Public meetings on new hospital successful; WMC finances stable

 


At its monthly board of trustees meeting April 15 Wrangell Medical Center, CEO Marla Sanger revisited public discussions about the future of healthcare services held earlier this month.

Some 30 residents attended the discussion, facilitated by Anchorage consultancy Foraker Group at the Nolan Center April 2.

“It was worth attending. I learned lots,” said board treasurer Barb Conine.

“The people that came were really curious,” Sanger commented. WMC has applied for Foraker’s assistance with predevelopment work for building a new hospital, which would be constructed near the new Alaska Island Community Services clinic on Wood Street.

Sanger has explained the two facilities’ closeness would make continued collaboration between the agencies more efficient.

“Healthcare’s really changing fast now,” she told the board. Critical to making healthcare provision sustainable in Wrangell, the extent to which its hospital shares out its services will need to be determined.

As recommended at the public meeting, she and AICS director Mark Walker plan to begin working together with the hospital and clinic boards to determine how the community feels the two should provide services in the future.

“There’s a lot going on right now,” Sanger said.

In her monthly report, Sanger told board members the hospital met billing practices based on Centers for Medicare and Medicaid Services (CMS) standards, after a regulatory audit of WMC billing documentation examined 61 claims from 2011. With one exception, no errors were found, which she explained is a good result.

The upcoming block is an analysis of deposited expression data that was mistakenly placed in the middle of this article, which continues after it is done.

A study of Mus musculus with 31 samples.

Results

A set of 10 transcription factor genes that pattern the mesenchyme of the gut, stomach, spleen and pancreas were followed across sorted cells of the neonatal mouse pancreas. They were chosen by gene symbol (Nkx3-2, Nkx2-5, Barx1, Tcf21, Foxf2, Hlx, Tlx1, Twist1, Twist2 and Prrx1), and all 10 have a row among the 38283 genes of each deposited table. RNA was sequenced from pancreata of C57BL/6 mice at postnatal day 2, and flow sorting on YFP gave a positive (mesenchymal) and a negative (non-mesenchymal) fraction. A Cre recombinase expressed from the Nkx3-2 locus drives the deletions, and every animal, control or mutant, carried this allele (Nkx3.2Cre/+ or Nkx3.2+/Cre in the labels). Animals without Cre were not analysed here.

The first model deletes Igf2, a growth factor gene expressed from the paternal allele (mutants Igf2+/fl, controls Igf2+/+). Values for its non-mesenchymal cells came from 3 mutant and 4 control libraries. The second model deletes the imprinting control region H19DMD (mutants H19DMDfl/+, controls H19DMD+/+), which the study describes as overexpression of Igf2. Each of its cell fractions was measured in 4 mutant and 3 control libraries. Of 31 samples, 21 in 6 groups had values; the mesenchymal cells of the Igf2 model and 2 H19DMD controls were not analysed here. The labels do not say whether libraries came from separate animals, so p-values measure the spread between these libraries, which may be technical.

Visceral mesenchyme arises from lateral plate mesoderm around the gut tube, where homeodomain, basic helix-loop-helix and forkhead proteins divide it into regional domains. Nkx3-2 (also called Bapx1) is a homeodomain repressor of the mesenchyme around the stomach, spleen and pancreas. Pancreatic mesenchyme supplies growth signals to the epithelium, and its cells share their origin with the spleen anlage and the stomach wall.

“There is a number of things in each file that could be wrong,” board member Woody Wilson emphasized.

“It’s very common for an auditor to find things that are missing,” Sanger agreed. An oversight had resulted in one of the requested files not being submitted.

“We were able to go back and provide all the missing information,” she continued. The hospital is now awaiting the completion of the audit.

Financially, revenues for WMC were down for the month of March, but they were offset by lower expenses than originally budgeted.

The hospital’s reserves have also improved since last December, when it approached the Borough Assembly with news it had around $123,000 on hand, to cover less than a month’s expenses. It reported having $737,590 by March’s end.

“I think we’re making forward progress,” Sanger said.

The hospital also nears the end of repayments for Medicaid advances of over $728,000, which were extended last year when the government provider was anticipating trouble with its billing programming.

“I think we’re down to about $2,100,” reported Mary Jo Pullman, who was filling in for interim CFO Olinda White while she was on vacation. White has been the hospital’s stand-in financial officer since October.

In matters of personnel, seven WMC staff members recently completed a 10-week CNA training, taking the state licensing exam on April 8.

Sanger reported hearing positive feedback on this year’s annual health fair, which featured informational booths and returned laboratory results to patients participating in blood draws held the weeks prior. In previous years, the draws are held during the fair itself, which she said could be overwhelming for lab staff.

Two-hundred and fifty results were picked up at this year’s fair, with a number of positive comments about the change. Outreach coordinator Kris Reed reported that of 169 surveys collected, only three of them requested having the blood draws held at next year’s fair.

“It did go really well,” agreed Terri Henson, the board’s president.